Craig Bransfield

From "Construction Notes" Falco Builders Letter, March 1990

Craig Bransfield has come up with some minor variations and refinements for skinning the stabilizer and bending the skin around the leading edge. He used the Karl Hansen method of gluing a 20x20 strip of scrap wood to the plywood (see Chapter 10, Figure 11 of the construction manual) but did not use nails and rubber bands.

Craig glued the stabilizer skin on dry and used nailing strips made of 1/4" plywood. These covered all of the ribs and spars. At the leading edge, he used two 7mm-wide strips. He installed the skin dry and glued to skin to only a portion of the leading edge strip-just that portion that was flat enough that the skin would lay down on when dry. Craig put masking tape on rest of the leading edge strip or the undersurface of the overhanging skin to keep the glue from "contaminating" those areas. With the skin glued down dry, there was no tendency for distortion at the aft edge of the leading edge strip.

When the glue was dry, Craig removed all nailing strips except for the two 7mm-wide strips, and he removed the masking tape. It was now time to bend the skin around the leading edge strip. Craig used bar clamps (2 each of 18", 24" and 36") to pull the skin around. The clamps were located to take advantage of the strength of the installed ribs, but there is actually relatively little force requred during bending. Craig found the biggest problem was forgetting to tighten the clamps evenly and having them fall off.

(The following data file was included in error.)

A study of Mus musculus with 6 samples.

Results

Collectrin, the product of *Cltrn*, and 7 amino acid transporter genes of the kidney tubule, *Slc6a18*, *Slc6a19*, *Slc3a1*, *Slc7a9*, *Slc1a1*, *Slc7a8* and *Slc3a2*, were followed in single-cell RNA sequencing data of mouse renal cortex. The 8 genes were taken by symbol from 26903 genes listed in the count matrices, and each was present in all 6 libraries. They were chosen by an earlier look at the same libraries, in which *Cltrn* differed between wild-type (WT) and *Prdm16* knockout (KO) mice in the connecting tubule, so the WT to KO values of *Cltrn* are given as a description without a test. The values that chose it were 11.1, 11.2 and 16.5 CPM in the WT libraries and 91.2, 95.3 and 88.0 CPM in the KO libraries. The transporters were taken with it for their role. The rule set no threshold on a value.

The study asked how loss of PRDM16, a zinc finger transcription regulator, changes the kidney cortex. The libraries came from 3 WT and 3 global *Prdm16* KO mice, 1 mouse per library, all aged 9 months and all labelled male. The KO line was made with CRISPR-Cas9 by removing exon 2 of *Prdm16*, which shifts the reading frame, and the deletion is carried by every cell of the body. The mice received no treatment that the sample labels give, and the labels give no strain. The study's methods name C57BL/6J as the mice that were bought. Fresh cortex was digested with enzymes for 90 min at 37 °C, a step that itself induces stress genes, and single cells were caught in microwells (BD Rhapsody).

Now comes the real neat-o part of the operation, bending the skin with a clothes steamer. Craig says, "When one of us decides to open up a Falco factory, this is the job I want! Using my little ultra-cheap clothes steamer and a wet sponge, I went slowly back and forth across the leading edge, staying long enough in each spot to raise the wood temperature all the way through and allow the steam to penetrate the wood. This causes the plywood to quickly 'stress-relieve', so you can tighten up the clamps a little and pass by again. Five or six passes in 30 minutes was all it took to lay the skin all the way around to the other side of the stabilizer-and with no pre-soaking! All the heat, moisture and bending stress are concentrated exactly where they should be. This task is unbelievably pleasant-the aroma of the heated wood fills the air, absolute control is maintained and not a bead of sweat is raised!"

Craig says that about 40-50% of the bend will spring back when the clamps are released but this was not a problem. Craig concentrated the bend at the leading edge a bit more by clamping a caul strip to pinch the bend a slight additional amount and the 7mm-strips provided a surface to clamp to.

The same clamping system was used during leading edge glue-down and the caul strip kept the skin from puckering out from the leading edge strip. Since the bottom skin applied is to be scarfed to receive the top skin which will be similarly wrapped around the leading edge, Craig only glued the skin down as far as the stabilizer centerline on the L.E. strip.